Gangneung City Hall hosted a fantastic tour for foreigners allowing us to better understand the UNESCO qualified Danoje festival and rituals. There were two tour groups: one for foreigners residing locally and one for foreigners from across Korea. Oh, I mean foreign ESL teachers. I will try to explain the rituals and have put the photos in a different order than we toured them.
The story starts with a (possibly simple-minded) girl who filled a basin at this well to drink. As the weather was clear, she saw a reflection of the sun in the water. This upset her so she dumped the basin and refilled it. After repeating this until she was tired, she decided to simply drink the water. Soon thereafter, she learned she was pregnant. I am not sure if the sun or the water was considered responsible. Certainly, I could convince none of the others on the tour to drink.Horrified by being pregnant and unmarried, she left the baby under the rocks in this photo. A stork (interesting convergence with western baby mythology) found and fed the baby until the woman came back and took him home.
The son became a famous Buddhist monk and even travelled to China for training.
I need to read some of the material the tour guides gave us but I think the monk worked (prayed?) at a mountain temple in daegwallyeong. His mother one day went to visit him and died. No one could lift her until an artist took her portrait. Then they could move her (somewhere). Her portrait now resides in a shrine in Gangneung - which we later visited.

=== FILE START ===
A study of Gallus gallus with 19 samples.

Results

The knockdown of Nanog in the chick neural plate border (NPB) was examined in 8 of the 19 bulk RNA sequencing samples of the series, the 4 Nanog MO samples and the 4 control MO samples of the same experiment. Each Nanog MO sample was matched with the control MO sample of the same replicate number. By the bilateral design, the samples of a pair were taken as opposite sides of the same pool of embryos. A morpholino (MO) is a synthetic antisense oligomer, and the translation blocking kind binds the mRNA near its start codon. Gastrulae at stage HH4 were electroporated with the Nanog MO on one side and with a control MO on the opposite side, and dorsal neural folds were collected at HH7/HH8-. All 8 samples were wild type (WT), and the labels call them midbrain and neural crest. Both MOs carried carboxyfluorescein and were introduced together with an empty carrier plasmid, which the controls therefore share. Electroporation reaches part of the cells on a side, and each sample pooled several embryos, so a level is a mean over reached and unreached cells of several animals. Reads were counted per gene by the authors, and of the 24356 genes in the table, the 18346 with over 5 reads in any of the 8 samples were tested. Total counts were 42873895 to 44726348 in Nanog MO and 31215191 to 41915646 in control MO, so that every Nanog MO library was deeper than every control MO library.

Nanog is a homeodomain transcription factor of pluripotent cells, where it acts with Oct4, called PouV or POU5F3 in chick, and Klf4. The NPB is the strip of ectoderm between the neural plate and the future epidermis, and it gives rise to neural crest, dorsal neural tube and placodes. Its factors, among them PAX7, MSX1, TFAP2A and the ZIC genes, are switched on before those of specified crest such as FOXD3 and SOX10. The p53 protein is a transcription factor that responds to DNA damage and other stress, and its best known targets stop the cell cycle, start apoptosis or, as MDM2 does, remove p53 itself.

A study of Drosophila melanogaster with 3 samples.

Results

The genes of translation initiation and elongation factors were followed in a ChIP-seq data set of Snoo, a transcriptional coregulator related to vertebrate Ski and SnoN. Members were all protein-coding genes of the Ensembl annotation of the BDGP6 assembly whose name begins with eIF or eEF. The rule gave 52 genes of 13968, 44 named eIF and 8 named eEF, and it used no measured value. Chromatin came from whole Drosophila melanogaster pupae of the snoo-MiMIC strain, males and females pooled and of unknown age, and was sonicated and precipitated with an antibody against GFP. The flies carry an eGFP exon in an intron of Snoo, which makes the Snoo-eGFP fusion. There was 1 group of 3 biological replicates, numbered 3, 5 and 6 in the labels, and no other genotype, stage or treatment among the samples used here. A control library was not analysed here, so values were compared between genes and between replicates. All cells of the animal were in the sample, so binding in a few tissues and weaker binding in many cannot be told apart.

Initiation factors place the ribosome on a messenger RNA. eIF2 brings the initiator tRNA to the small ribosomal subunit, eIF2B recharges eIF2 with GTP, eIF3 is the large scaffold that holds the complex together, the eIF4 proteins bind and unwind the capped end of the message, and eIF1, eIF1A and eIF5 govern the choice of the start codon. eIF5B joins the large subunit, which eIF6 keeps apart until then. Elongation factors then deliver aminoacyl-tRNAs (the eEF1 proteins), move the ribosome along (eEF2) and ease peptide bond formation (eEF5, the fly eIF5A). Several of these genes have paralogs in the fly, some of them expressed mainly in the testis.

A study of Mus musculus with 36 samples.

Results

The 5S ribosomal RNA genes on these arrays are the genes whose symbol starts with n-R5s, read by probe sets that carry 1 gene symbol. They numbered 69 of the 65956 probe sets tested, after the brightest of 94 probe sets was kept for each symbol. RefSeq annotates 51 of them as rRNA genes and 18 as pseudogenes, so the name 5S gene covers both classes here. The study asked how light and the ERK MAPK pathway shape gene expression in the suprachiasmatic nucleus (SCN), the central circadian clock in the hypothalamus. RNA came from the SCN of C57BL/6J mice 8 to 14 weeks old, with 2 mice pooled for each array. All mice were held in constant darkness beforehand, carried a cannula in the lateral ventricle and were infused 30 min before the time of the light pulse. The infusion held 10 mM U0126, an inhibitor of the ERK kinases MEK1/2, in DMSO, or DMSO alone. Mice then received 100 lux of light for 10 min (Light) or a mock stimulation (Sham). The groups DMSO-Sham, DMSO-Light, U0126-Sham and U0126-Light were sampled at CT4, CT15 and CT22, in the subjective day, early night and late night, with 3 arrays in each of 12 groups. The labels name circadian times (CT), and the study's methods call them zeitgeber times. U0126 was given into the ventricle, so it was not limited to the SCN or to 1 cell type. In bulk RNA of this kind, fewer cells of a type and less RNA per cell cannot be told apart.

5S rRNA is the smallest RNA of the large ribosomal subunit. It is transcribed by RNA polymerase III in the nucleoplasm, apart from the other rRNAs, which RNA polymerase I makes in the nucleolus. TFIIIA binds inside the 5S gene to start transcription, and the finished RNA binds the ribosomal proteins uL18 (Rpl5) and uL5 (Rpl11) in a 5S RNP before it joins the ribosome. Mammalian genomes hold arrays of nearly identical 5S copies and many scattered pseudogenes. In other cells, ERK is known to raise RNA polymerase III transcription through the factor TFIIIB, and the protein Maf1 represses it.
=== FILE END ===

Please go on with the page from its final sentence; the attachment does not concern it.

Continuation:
All this is the background for the ceremony. Now, it all starts here:
Sacred liquor is made here a month before the Danoje Festival. I guess it is carried up to the mountain shrine.
Sadly, just to the left of the frame is a shaman singing and chanting. Sorry 'bout that.
This shrine is dedicated to the monk I described earlier but also to a general who was at least locally famous. This is the first martial looking San-shin (mountain god) but, as ever, he has his faithful tigers close at hand.
Our tour included a lecture by Bak Sungme of Hankuk University, professor of (something relevant). She described the area east of Daegwallyeong as historically being remote and difficult to reach. Local culture was able to diverge from national norms somewhat. Perhaps that explains the somewhat youthful and weapons-carrying mountain god.